No doubt one of the biggest stories of the off-season so far has been the plight of former U.S. champion Rachael Flatt, who did not disclose her stress fracture to U.S. Figure Skating prior to the World Championships. Flatt subsequently finished 12th after two watered down performances and, for all intents and purposes, failed to qualify the third spot for the U.S. ladies for next year’s Worlds (most, if not all, would argue that Alissa Czisny, finishing fifth did her part).
And subsequently, all sorts of hullabaloo ensued. And two weeks ago, Philip Hersh reported that, in an unprecedented move, U.S. Figure Skating reprimanded and fined Flatt as a result of her and her camp’s decision to keep the injury under wraps.
But was it fair?
It’s certainly understandable from the side of Mirai Nagasu, the first alternate, and her coach Frank Carroll. That’s the whole point of having alternates, right? The comfort of knowing that if a skater is unable to compete for whatever reason, there would be someone ready to take her place. Carroll insisted that Nagasu was ready to skate and more than implied that her appearance and placement would’ve combo’d with Czisny’s fifth place would have qualified those three spots for the U.S.
What about U.S. Figure Skating, which has seen its previous dominance in ladies figure skating diminish in recent years? Remember when Yamaguchi, Kerrigan, and Harding swept the World podium in 1991? When everyone was fighting for the bronze in Nagano because Lipinski and Kwan were just too strong? When Hughes, Kwan, and Cohen took 1-3-4 in Salt Lake City? Now, the U.S. ladies haven’t even had three spots at Worlds since 2008.
Coming into Worlds this year, most people were on pins and needles about the historically more inconsistent Czisny (recall that the last time she won Nationals, she finished 11th at Worlds). They thought that three spots was more than feasible, if Czisny could keep it together. So when Czisny came through brilliantly (and some, including me, felt that she was worthy of the bronze), everyone looked at Flatt as the one to blame.
As a skater who competes internationally for the U.S., Flatt had to sign a competition readiness agreement. As part of the “Training Commitment, Injury & Case Management” section, skaters agree to the following:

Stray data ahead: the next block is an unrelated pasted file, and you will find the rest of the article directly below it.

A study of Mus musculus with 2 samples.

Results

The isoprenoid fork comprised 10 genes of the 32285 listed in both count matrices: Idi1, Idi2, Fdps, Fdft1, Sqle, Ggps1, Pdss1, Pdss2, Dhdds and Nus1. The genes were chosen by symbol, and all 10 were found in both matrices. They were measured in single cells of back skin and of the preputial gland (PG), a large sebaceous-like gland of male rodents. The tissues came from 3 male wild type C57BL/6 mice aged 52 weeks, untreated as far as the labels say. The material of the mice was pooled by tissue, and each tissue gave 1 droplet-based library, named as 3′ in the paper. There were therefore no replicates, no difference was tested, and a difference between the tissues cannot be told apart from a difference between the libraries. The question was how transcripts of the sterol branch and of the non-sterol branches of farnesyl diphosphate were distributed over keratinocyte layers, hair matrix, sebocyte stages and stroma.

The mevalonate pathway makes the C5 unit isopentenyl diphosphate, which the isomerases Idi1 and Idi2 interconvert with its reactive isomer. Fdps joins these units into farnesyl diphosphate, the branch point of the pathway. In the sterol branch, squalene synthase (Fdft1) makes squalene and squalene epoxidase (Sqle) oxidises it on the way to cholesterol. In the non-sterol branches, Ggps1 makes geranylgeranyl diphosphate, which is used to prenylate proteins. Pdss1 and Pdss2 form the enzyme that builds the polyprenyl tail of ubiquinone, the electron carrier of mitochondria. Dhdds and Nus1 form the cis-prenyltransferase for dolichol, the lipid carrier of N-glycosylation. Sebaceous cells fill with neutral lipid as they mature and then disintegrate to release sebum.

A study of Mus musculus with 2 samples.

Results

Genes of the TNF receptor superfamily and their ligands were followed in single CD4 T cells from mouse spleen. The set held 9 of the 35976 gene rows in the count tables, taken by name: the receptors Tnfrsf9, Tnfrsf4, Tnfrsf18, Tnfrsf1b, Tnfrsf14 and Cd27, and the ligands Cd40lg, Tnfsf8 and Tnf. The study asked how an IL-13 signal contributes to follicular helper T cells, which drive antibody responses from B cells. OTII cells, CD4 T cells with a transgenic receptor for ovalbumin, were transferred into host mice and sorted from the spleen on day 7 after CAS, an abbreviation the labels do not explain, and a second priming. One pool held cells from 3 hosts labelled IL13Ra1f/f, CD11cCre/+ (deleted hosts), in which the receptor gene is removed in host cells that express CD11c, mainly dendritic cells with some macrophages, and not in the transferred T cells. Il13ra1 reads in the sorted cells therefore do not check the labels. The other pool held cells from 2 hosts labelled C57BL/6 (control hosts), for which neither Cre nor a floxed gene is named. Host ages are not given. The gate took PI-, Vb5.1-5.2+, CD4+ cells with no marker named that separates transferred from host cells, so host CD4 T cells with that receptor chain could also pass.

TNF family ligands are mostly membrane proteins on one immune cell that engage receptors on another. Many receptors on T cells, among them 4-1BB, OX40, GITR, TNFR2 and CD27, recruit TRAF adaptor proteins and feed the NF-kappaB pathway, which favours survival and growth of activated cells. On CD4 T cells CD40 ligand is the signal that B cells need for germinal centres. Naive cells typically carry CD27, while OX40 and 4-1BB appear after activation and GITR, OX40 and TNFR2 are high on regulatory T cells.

In the event that I become injured and/or ill to the extent that I requires surgery and/or ongoing medical treatment, and/or is otherwise unable to train consistently, effectively, and according to the seasonal plan, and which may therefore jeopardize my ability to compete for Team USA, I agree to communicate the situation with U.S. Figure Skating’s Director of Sports Sciences & Medicine and/or Senior Director of Athlete High Performance. Under such circumstances, I authorize U.S. Figure Skating to request a Return-to-Plan Plan & Status Report … from me and/or my healthcare provider(s) and that this information may be shared with select members of the International Committee Management Sub-Committee.
The rule was clearly violated, as USFS had no idea that Flatt had a stress fracture, which certainly is an injury that “requires surgery and/or ongoing medical treatment.” Had she given notice to USFS of her injury, they could have called in Nagasu or they could have very well allowed her to compete. Based on her two skates in Moscow, she was certainly still able to skate fairly effectively. Had even her triple flip not abandoned her in the free, this whole thing may not even be an issue right now.
But that’s exactly the point. In the scenario that Flatt finished eighth* instead of 12th and giving the U.S. that third spot, I can’t imagine that U.S. Figure Skating would have disciplined her. She would have been the heroine who fought through the pain to help the U.S. earn that third spot. We would be hearing words like “brave” and not “irresponsible.” Most people who have been railing against her decision would have turned a blind eye – after all, the most realistic goal was to qualify three spots for next year. The end would have justified the means.
*Note that she needed 12.50 to take eighth, and her two singled flips cost her a base total of about 11 points, a combo with a double toe included. Flatt did land a triple flip-double toe in the short. WIth GOEs, 10% bonus, and likely higher PCS, the scenario was possible.
Still, those who have defended Flatt have brought up athletes in skating and in other sports who have competed injured, and brought up the resilience of the athlete. Many will remember when Elvis Stojko skated through a severe groin injury and limped to the podium for his silver medal at Nagano. In sports, those who discloses injury, particularly at the biggest stages of their sports, gets flack for not being tough enough (Dirk Nowitzki, anyone?).
Flatt was noble to skate through pain, but her unwillingness to disclose the injury, and subsequent post-competition disclosure, opened her up to all sorts of liability, though no one would have figured that USFS would actually discipline her for it. For me, the reprimand and fine, particularly the publicity of it through the news media rather than via its own channels, were unnecessary. Where was the news on U.S. Figure Skating’s website? Why was Hersh the one to break the news? As much as I like Nagasu, there was no guarantee that she would have finished high enough to earn that third spot. Flatt was still training, still skating, still landing jumps – remember that she did not fall in either program in Moscow. But it sure will make athletes and their coaches think twice about what to do with an injury (hide or disclose, but don’t do both, that’s for sure).
As an athlete of her caliber, you train for so long to have a shot at proving yourself amongst the best that giving up when you’re still willing and able becomes a hard pill to swallow. Who knows? With her sights on Stanford, maybe she was seeing this as her last real chance at Worlds.